India's Central Bank May Be Giving up on a 'Crypto-Rupee', Report Claims

The Reserve Bank of India (RBI), India’s central bank, has reportedly shelved plans to launch a central bank digital currency (CBDC) for now, as it “doesn’t want the digital currency” anymore, believes it’s “too early to even think about a digital currency.”

According to local news outlet The Hindu Business, unnamed sources have revealed India’s central bank is no longer looking to launch its own CBDC, but may instead be looking at what other developed countries do, as it doesn’t “have a formal unit for tracking of, and policy-formation on” cryptocurrencies and blockchain technology.

The news outlet’s source was quoted as saying:

The government doesn’t want the digital currency any more. It thinks it is too early to even think about a digital currency.

The RBI initially revealed it was looking into the possibility of launching a cryptocurrency in April of 2018, when it established a group to look into its potential advantages. Reportedly, its idea would be to better control money laundering and cybersecurity threats, among others, through its CBDC.

As CryptoGlobe covered, in October a private panel with India’s finance ministry revealed high ranking officials were considering a national cryptocurrency, although not every official agreed such a token would be a step forward for the country.

Per The Hindu Business the founder of crypto exchange Belfrics, Praveen Kumar, noted that it’s too early for the RBI to “launch [a] crypto-rupee” as more understanding of the cryptocurrency economy is required. Waiting to see how it evolves, he said, is the “right decision.”

Kunal Nadwani, the CEO of uTrade Solutions, claimed government throughout the world will “launch fiat cryptocurrencies, whether out of compulsion or choice,” adding that the ability to tax their citizens in whichever token they choose lets them create fiat-currency based cryptos. Per his words, however, “it will take time before central banks are able to make this transition.”

Notably, local media have also recently reported that an interdisciplinary committee set up by the Indian government is looking into regulating and legalizing cryptocurrencies in the country, although with tough terms and conditions.

Last year, India’s RBI notably used a circular that ordered commercial banks to stop dealing with cryptocurrency-related firms. The move, as CryptoGlobe covered, saw one of India’s largest exchanges by trading volume, Zebpay, shut down.

At the time the crypto community fought back, and saw a missive from the country’s supreme court uphold the RBI’s decision. In late October, the supreme court even asked the government to clarify its stance on cryptocurrencies.

Vietnam to Soon Have a Fully-Authorized Cryptocurrency Exchange

Vietnam is reportedly set to soon have a fully-authorized cryptocurrency exchange, as two firms in the country have recently signed a memorandum of understanding (MOU) for the production of a crypto trading platform, after obtaining a license for it.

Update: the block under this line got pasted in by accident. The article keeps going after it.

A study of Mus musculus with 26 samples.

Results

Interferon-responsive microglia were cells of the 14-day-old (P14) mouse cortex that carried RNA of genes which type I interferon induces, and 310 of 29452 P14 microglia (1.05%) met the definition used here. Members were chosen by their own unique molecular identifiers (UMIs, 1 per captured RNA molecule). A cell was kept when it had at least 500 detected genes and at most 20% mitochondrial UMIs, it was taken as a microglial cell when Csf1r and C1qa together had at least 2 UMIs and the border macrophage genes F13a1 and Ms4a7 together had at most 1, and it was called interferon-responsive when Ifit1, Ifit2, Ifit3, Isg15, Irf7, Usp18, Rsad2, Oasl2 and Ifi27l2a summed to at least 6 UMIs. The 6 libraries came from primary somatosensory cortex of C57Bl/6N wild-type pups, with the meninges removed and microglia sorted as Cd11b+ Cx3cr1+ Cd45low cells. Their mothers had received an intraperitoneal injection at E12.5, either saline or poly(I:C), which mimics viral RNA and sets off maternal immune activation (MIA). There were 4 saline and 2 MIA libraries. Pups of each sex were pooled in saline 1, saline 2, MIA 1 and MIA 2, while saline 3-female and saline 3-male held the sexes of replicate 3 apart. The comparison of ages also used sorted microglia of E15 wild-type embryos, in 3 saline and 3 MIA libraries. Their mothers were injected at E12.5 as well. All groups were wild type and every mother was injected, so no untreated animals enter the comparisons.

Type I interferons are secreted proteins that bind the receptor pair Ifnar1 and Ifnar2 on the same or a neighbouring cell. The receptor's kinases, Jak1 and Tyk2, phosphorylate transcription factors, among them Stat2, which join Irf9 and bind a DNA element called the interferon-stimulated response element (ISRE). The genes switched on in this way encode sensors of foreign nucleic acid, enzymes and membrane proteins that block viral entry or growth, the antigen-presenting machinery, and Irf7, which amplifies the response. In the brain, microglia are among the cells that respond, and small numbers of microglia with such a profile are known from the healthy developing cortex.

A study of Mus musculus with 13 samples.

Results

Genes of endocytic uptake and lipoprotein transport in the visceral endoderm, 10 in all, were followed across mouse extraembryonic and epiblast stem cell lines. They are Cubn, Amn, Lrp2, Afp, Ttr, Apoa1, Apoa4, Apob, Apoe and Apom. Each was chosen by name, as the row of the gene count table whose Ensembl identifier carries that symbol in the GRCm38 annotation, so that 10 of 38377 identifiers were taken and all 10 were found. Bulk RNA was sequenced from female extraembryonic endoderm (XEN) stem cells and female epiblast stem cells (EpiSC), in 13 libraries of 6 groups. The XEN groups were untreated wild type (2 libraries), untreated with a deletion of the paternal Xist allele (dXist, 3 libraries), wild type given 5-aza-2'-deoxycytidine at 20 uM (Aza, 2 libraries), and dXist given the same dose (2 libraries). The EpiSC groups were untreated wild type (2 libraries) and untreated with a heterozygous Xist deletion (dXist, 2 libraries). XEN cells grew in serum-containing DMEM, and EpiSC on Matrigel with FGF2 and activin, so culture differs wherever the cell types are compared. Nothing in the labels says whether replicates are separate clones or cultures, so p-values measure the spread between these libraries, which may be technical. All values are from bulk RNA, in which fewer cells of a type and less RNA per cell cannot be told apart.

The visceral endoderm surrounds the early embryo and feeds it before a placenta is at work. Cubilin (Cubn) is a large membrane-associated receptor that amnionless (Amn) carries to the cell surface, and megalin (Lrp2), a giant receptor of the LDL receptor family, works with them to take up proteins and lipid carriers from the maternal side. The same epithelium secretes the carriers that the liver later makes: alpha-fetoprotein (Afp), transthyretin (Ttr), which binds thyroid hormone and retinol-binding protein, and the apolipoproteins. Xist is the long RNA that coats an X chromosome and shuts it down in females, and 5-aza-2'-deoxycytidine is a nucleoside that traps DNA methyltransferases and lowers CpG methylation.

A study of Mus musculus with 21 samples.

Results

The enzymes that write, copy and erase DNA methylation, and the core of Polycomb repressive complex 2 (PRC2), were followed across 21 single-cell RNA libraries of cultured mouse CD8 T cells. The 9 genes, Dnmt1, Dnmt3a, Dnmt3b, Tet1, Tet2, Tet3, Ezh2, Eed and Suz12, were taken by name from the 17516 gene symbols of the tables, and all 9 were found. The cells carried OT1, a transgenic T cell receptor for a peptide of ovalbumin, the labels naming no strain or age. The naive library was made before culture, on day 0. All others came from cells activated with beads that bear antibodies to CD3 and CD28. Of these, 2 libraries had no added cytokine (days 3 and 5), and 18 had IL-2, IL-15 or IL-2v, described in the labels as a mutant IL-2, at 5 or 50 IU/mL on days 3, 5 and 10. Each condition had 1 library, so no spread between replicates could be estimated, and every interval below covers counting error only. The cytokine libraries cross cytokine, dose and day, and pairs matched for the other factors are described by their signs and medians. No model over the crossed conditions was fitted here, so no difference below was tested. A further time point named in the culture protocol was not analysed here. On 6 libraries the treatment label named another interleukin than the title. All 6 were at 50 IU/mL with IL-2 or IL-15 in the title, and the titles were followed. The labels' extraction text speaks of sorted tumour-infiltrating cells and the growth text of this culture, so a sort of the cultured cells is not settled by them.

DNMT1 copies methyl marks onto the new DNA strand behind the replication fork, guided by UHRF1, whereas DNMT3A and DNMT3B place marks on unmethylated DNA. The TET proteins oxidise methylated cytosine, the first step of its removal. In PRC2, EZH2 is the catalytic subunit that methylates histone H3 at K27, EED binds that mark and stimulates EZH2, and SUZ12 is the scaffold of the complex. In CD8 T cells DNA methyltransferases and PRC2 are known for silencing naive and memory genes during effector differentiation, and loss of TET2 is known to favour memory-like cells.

According to a recently published press release, the largest distribution company in Vietnam, the Linh Thanh Group, is going to develop the trading platform along with Switzerland-based blockchain firm KRONN Ventures AG.

The move comes after KRONN Ventures formed a consortium with financial committees from various Asian countries, including Vietnam, Cambodia, Bangladesh, and Sri Lanka. Its goal was to “build an international wiring system using blockchain technology that fits with the Asian environment.”

The document notes that an official statement from the Linh Thanh Group has stated that working with KRONN Ventures will see both create “world-class cryptocurrency exchange,” as the latter is “known widely as a leader in blockchain technology in Switzerland.”

It adds:

The industry expectation is that by combining Linh Thanh Group's massive distribution network, which is the largest in Vietnam, with the world-class technology of KRONN Ventures, the impact will be widely felt not only in Vietnam but also in other surrounding Asian countries.

Notably, the Vietnamese government has last year seized the domain of the country’s oldest bitcoin exchange, after it was accused of providing e-commerce services without registering with the government.

The country’s Ministry of Justice has, back in November, suggested several ways cryptoasset could be regulated in the country. At the time Nguyen Thanh Tu, the director of the nation’s Department of Civil and Economic Laws, said authorities carefully examined the pros and cons of regulating cryptocurrencies.

 This, even though the government has been looking to ban bitcoin mining machine imports. The move was, at the time, being justified by the potential use of cryptocurrencies in illicit activities.